The Danish Girl
The Danish Girl lacks an immediacy and vibrancy, as well as a genuine sense of emotional connection.
This movie sure looks great, but I'm not sure I could pass a quiz on what it's about. Maybe it doesn't matter. "The Sword and the Sorcerer" is basically an Identikit movie, in which they start out with a lot of different faces and end up with the usual suspects. We may not be sure precisely what the power relationships are in the movie, but we know there's a young hero and an old king, an ancient villain and a maiden in peril.
There are also a lot of blades in this movie, Also dungeons, passageways, cold roast legs of beef, eyes that glow like embers and a three-pronged sword that holds the key to the kingdom. The movie drips with atmosphere, and I guess atmosphere is what Sword & Sorcery movies are about. They sure aren't about character.
Let's see. So far in the last year, I've seen "Dragonslayer," "Excalibur," and a preview of "Conan the Barbarian." Put them on a quadruple bill with "The Sword and the Sorcerer," and you'd sometimes have trouble figuring out when one ended and the next began.
That's not to say they're necessarily bad; I sort of enjoy medieval swashbucklers. It's just that there are only so many variations you can play on muscles and broadswords, lusty heroes and busty heroines, bearded kings, bizarre panoply, and that old standby, the storming of the citadel.
To give credit where it's due, "The Sword and the Sorcerer" does have two areas of relative originality: Its sword, and its sorcerer. I already mentioned that the sword is three-pronged. That's not all. It has the ability to hurl two of its blades like a spear-gun, and it has a dagger hidden in its handle (it must have been designed by James Bond's munitions man).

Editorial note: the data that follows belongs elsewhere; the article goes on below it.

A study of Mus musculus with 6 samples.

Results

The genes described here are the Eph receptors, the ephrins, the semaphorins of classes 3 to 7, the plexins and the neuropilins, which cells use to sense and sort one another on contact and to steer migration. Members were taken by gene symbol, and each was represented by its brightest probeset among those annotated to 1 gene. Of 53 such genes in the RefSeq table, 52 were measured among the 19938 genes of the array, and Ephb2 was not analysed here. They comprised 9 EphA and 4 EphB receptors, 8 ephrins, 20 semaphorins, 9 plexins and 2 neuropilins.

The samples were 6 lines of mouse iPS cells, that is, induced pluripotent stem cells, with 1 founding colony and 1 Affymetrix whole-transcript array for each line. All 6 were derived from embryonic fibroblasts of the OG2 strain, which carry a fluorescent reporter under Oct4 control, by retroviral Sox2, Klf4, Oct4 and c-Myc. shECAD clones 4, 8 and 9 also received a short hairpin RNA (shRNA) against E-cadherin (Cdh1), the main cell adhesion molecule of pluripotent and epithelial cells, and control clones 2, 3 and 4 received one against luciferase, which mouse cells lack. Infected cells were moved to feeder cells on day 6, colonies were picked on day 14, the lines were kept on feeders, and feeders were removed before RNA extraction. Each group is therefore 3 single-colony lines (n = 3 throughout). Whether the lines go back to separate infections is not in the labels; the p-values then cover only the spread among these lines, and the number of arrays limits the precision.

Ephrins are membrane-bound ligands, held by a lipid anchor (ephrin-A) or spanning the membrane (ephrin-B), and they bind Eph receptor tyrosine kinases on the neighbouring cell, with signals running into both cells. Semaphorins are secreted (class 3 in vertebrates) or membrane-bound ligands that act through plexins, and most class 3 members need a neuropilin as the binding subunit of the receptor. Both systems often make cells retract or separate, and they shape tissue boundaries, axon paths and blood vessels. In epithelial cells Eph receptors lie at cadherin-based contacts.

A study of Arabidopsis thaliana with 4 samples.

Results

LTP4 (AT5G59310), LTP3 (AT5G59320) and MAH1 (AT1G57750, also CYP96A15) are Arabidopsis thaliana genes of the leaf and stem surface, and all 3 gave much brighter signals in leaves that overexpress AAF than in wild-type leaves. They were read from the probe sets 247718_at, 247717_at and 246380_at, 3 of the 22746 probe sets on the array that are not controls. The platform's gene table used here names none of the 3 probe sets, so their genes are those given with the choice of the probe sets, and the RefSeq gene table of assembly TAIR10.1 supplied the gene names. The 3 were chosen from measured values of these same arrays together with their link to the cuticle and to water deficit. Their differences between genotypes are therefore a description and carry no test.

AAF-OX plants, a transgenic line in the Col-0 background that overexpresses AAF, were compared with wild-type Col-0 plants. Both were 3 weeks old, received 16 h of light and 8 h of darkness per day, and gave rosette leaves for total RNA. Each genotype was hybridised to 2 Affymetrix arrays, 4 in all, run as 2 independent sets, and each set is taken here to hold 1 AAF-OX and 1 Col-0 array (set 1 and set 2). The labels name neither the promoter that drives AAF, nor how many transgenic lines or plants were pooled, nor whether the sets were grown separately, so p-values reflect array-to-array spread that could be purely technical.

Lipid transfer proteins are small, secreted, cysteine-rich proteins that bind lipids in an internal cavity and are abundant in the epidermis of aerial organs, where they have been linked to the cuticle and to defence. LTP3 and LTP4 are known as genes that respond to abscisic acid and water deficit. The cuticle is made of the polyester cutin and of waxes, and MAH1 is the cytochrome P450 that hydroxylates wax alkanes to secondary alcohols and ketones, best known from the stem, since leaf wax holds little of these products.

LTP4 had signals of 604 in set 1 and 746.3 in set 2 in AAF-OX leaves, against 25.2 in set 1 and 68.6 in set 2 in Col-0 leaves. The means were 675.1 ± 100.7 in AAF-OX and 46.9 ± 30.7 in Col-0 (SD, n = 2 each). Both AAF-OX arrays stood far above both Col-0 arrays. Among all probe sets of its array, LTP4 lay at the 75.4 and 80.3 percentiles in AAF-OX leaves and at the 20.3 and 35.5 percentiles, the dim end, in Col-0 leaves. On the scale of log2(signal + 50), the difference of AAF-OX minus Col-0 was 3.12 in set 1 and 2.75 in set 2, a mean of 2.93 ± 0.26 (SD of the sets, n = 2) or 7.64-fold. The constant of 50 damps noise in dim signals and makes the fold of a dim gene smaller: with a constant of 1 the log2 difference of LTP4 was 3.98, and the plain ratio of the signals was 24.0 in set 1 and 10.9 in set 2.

The sorcerer is a triumph of makeup, a Incredibly evil old man with a voice from the bottom of a well and a face that looks like somebody left the hot tar out in the rain. I also enjoyed Kathleen Beller's presence as the heroine; she behaves more intelligently than the usual actress asked to pant and heave through these movies, and her character has a neat weapon previously not much used in S&S epics, a knee to the groin.
But when the movie was over, I really wasn't much moved. "The Sword and the Sorcerer" is so dominated by its special effects, its settings and locations, that it doesn't care much about character. It trots its people onscreen, gives them names and labels, and puts them through their paces.
That's not enough. If a filmmaker would just take the time to provide human quirks and foibles for his S&S characters, to give them nice little turns of speech and Identities that we could tell apart and care about, this kind of movie could really be fun. Actually, one filmmaker has done exactly that, only his swords and sorcerers were set in the future: George Lucas, with the "Star Wars" movies.
Matt Zoller Seitz reviews and reflects upon Jesse Eisenberg's New Yorker piece about film critics.